Ministry in Context

On keeping it simple

One of my great friends and mentors when I was a young pastor was the Rev. Elward (yes, Elward) O. “Ozzie” Hollman, rector of Grace Episcopal Church in Windsor, Conn. Ozzie respected the high church liturgical tradition of the Episcopal Church, but led the liturgy in a very down-to-earth way, which was Ozzie’s style in all things. He had a great gift for keeping things simple and cutting through to the core.

Ozzie was famous at Grace for one of his Easter sermons. He stood up in the pulpit and said “Christ is risen, he is risen indeed.” And sat back down again. End of sermon. He always thought of it as his best Easter sermon.

Easter comes, Christmas comes, and preachers knock themselves out to produce masterful sermons that will move the masses and bring many to faith. There will be so many people in church that day, after all. The famous Christmas and Easter Christians. Family from out of town.  Maybe even a few seekers who have come out of curiosity, the doors of their spirits slightly ajar for an hour. Preachers think it is up to them to deliver the goods and win souls like Peter did on Pentecost. I do not say that in a judgmental way. I spent many, many years doing that very thing.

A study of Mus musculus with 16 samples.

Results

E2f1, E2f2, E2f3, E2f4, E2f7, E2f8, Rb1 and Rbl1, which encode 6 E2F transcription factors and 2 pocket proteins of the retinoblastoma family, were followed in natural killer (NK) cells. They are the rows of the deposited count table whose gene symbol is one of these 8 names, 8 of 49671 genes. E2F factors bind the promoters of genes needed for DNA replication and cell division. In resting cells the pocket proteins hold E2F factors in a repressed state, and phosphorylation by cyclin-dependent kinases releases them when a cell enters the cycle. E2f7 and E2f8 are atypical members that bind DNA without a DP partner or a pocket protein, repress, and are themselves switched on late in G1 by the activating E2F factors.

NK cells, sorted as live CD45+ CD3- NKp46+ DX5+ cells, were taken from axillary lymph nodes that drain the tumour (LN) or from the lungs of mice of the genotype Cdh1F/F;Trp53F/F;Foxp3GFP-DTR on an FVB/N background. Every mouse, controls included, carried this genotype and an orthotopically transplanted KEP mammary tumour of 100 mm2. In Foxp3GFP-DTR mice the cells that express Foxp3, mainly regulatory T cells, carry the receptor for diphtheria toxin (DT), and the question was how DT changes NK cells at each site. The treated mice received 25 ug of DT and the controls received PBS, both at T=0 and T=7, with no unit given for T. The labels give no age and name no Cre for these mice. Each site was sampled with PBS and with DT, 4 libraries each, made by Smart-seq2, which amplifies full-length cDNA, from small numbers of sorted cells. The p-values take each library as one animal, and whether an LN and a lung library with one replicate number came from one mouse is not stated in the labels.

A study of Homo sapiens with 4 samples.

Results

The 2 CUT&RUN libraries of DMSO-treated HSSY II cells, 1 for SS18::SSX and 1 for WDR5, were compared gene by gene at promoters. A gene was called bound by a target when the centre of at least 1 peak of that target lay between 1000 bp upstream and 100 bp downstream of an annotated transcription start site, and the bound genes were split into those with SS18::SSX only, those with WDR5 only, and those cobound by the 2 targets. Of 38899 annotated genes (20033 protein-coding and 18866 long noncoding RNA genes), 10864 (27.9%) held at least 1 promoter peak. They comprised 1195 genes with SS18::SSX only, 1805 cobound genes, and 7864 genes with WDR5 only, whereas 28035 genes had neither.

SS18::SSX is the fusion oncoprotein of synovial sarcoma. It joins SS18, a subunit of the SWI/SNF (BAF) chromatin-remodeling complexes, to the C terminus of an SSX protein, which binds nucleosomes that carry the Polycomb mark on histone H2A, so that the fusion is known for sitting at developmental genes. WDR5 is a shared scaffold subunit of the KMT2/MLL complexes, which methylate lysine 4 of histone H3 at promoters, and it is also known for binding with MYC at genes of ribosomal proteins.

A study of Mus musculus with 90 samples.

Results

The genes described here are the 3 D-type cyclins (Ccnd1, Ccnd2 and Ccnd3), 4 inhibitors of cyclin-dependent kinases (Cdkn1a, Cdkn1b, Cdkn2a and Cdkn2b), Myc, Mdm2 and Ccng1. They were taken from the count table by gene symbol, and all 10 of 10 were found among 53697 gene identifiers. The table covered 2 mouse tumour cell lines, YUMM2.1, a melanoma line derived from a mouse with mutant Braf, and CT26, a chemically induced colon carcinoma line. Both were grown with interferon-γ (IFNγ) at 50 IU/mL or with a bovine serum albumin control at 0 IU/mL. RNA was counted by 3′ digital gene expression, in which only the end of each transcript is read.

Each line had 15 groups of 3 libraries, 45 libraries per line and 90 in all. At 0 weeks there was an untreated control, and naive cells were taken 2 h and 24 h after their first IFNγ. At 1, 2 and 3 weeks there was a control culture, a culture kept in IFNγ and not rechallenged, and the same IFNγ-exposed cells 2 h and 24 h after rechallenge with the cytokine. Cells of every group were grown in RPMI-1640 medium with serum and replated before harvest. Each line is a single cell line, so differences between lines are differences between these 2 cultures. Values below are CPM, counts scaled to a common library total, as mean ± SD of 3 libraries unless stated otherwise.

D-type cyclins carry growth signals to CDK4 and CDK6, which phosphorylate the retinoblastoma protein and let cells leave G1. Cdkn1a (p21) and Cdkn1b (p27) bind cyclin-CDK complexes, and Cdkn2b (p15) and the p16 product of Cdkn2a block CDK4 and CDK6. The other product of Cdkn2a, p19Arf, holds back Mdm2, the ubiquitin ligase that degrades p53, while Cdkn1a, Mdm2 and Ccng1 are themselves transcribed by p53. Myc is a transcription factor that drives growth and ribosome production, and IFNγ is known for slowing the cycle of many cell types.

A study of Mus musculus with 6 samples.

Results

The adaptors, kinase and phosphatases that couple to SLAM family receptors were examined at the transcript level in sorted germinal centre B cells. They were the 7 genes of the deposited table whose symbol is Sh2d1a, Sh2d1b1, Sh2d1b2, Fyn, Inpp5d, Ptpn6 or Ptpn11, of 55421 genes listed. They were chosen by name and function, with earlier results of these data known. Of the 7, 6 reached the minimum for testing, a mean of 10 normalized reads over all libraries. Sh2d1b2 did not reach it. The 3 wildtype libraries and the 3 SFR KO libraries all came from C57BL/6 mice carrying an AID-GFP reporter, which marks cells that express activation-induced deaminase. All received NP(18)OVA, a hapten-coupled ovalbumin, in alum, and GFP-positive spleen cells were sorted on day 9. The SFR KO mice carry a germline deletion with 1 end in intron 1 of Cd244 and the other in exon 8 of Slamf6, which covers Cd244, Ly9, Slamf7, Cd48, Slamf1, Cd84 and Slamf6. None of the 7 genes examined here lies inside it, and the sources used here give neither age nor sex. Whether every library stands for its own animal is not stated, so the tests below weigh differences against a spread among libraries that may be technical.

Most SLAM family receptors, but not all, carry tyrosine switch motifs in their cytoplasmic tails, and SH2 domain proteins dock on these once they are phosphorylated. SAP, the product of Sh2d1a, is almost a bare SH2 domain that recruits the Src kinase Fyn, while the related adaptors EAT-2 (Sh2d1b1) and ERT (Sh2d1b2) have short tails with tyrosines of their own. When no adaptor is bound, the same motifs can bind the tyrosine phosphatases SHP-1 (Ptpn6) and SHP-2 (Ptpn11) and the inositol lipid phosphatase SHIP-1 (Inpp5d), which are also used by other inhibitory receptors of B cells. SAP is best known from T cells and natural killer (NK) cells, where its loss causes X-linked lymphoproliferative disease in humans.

But the more years I preached, the simpler my sermons got, especially on occasions like Easter and Christmas. Preaching on Easter started to seem like explaining a joke. Either you get it or you don’t, and if you don’t all of the explaining in the world isn’t going to leave you rolling on the floor and holding your sides. We might dress it up a bit, but on Easter there really isn’t much more that needs saying than “Christ is risen, he is risen indeed.” That pretty well wraps it up.

So as you work on your “big sermons” this month, take the Easter Gospel very seriously but don’t take yourself too seriously. The Holy Spirit is the real communicator in this deal, not you. Try not to get in the way. And remember to tell them that “Christ is risen, he is risen indeed.”